Presidential Fun Facts

We dug up some surprising fun facts about America's past commanders in chief.

Did you know...

George Bush Sr. installed horseshoe pits at the White House and Camp David, holding annual horseshoes tournaments with his staff, groundskeepers, and aides. He always liked challenging visitors, especially foreign heads of state, to a game of horseshoes, making sure that the press was on hand for the match.

Andrew Johnson did not learn to read until he was 17 years old. His parents had been too poor to send him to school.

During Benjamin Harrison's term (1889 -1893) electricity installed in the White House.

Theodore Roosevelt had the West Wing built onto the White House. He moved his office there so he could work in peace and quiet.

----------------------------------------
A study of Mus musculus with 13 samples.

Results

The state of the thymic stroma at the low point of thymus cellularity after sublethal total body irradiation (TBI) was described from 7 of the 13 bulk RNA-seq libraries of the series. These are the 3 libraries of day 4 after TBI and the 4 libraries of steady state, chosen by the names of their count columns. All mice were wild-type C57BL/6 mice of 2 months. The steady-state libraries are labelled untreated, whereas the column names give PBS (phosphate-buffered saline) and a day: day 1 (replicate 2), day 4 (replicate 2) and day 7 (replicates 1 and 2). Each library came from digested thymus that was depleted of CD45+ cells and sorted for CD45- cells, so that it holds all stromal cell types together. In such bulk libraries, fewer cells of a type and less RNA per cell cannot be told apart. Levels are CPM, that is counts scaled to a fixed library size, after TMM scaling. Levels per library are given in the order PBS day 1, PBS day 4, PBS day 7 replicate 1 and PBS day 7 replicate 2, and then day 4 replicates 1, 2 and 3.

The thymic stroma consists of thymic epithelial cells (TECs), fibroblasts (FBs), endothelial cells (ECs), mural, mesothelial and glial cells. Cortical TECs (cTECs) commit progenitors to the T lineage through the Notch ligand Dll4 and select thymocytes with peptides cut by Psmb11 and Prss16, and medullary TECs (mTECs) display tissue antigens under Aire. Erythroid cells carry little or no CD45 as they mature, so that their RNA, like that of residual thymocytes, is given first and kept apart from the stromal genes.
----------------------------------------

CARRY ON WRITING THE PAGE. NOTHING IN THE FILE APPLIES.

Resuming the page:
Calvin Coolidge had a raccoon named Rebecca who was walked on a leash.

During World War I, Woodrow Wilson kept a herd of sheep on the White House lawn. Their wool helped raise money for the Red Cross.

From 1840 to 1960, every president elected in a year ending in a zero died in office. The "20-year curse" is said to have ended when Ronald Reagan (elected in 1980) survived an attempted assassination.

Zachary Taylor's horse, Whitey, roamed freely on the White House lawn. People would pluck hairs from it for souvenirs.

The first assassination attempt against a president took place on January 30, 1835, when a house painter named Richard Lawrence aimed two pistols at Andrew Jackson. Both guns misfired and Jackson escaped unharmed.

The most common name for a president is James or some variation of it. James Madison, James Monroe, James Polk, James Buchanan, James Garfield, Jimmy Carter.